We are delighted to announce that Professor Christine Gerrard has received a Teaching Excellence Award from the Humanities Division at Oxford University, and has also won an OxTALENT award for the same course.
Professor Gerrard prepared a new lecture course entitled ‘Democratising the Classics: popular literature, consumer taste, and material objects in the eighteenth century’.
“I absolutely loved these lectures! Gerrard is fantastic at tying literature into historical context, particularly in terms of material culture - bringing in relevant objects that helped contextualise the texts we discussed.”
Professor Gerrard undertook an Ashmolean Faculty Fellowship at the Ashmolean Museum which enabled her to work with staff at the museum and the Oxford Internet Institute. She is an early adopter in the English Faculty at Oxford of the digital ‘Cabinet’ platform (designed to allow both staff and students to interact with museum collections in the digital environment). Professor Gerrard has developed a way of bringing museum objects to the students in virtual form, reproducing the sense of being able to encounter and manipulate them. Objects held at the Ashmolean are carefully selected, photographed in high-quality 3D form, and beautifully annotated to prompt students’ thinking and to encourage them to connect with ideas, arguments, themes, forms and styles they will be encountering through their studies.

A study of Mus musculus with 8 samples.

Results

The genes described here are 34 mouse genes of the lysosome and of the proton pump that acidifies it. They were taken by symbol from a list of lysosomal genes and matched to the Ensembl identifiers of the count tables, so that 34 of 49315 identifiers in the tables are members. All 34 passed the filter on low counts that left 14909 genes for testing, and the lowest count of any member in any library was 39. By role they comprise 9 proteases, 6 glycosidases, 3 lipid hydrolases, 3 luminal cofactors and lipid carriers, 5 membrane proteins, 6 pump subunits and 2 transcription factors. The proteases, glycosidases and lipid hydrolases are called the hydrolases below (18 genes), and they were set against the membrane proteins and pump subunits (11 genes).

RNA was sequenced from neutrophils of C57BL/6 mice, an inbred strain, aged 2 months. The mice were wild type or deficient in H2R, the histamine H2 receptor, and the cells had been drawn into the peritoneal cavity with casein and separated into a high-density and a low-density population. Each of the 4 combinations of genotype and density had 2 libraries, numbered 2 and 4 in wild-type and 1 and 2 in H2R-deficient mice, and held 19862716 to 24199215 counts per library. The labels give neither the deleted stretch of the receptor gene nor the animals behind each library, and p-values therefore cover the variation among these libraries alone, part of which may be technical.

Christine says “My aim is to revitalise the classical legacy for a generation of students who have never studied Latin or Greek and who tend to dismiss or avoid classical topics as remote or dull. This gap is particularly regrettable in the so-called ‘Augustan’ period in Britain (1660-1760), whose literature and culture is steeped in the classical past. My course is designed to help students see how the eighteenth century used the classical past to express and reflect its own preoccupations, and to show how this engagement also has relevance to the age we now live in. Topics addressed include Gender and Sexuality, and Slavery and Abolition. I wanted to show how classical influences permeated not only literature, but also art, architecture, popular culture and consumer objects. The course is designed to demonstrate that the classical legacy is not lofty or remote, but tangible and material, and that it percolated down from highbrow to lowbrow culture. Some examples I use are Thomas Howard’s Arundel Marbles, dispersed in the high cultural enclave of the Ashmolean Museum and the courting booths of Lambeth’s ‘Cupid’s Gardens’; and the famous Portland Vase, which inspired creations ranging from Keats’s ‘Ode on a Grecian Urn’ to a Wedgwood-derived ceramic chamber-pot.”